NEW YORK — In 1935, Pablo Picasso said, "Colors, like features, follow the changes of the emotions." And his remark is still apt, as Derek Lam's fall 2006 collection, the latest exhibition at the Cooper-Hewitt and a new how-to book illustrate.
Lam Shows His Colors Derek Lam may be known for his use of a mostly neutral palette, but for fall 2006, the designer is feeling colorful. "I really want to create a collection with a lot of energy," Lam says, as he sits in his Meatpacking District studio next to a large inspiration board. "I'm tired of ladylike, soft and elegant clothes. I'm ready to go forward and create something with colors that are not really used in fashion — unpopular colors. It's really important to me that this collection absolutely exudes energy, specifically the energy of New York."
And speaking of New York, one of his latest inspirations is the late nights he spent at clubs during the late Eighties and early Nineties, while he attended Parsons. "Some people would come from black-tie events and mix into a crowd where others wore almost costumey looks, many of which featured garish tones," he recalls, adding that the bold mixes of colors were especially bright under the glaring strobe lights. "But it was all very glamorous."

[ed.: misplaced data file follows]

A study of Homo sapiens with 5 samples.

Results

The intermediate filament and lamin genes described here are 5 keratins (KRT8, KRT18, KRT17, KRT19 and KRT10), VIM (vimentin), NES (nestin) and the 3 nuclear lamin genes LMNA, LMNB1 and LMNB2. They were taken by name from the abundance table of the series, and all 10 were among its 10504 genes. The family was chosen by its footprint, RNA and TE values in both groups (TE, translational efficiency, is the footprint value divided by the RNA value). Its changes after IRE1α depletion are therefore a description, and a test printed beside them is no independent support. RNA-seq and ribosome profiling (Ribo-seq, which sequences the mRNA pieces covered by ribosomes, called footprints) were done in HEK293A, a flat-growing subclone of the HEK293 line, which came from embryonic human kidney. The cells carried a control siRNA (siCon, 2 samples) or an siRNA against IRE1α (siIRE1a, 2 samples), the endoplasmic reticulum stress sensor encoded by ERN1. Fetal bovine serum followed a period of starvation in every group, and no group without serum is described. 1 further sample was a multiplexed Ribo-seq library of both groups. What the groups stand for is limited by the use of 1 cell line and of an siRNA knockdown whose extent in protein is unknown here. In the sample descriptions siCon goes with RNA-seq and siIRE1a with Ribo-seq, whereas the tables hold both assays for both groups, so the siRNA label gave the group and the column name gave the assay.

Lam's interest in color has also been fueled by two books. One is "Nineteenth Century Fashion in Detail," by Lucy Johnston, in which one chapter looks at how bright colors — especially cobalt blues and bright purples — once created controversy in England. "Not everyone approved of these striking shades, and the French historian Hippolyte Taine found women's dress 'loud and overcharged with ornament' when he visited England in the 1860s," Johnston wrote. "He thought the colors were 'outrageously crude ... each swearing at the others' and cited 'violet dresses, of a really ferocious violet,' 'purple or poppy-red silks, grass-green dresses' and 'azure blue scarves' as particularly offensive to the eye."
Lam laughs when reading this excerpt, saying he finds it particularly amusing. "I love the idea that color was viewed as something that was vulgar and shocking," he says. Another influence has been "Graffiti Brasil," an unabashedly hip and au courant book that examines graffiti art throughout the South American country.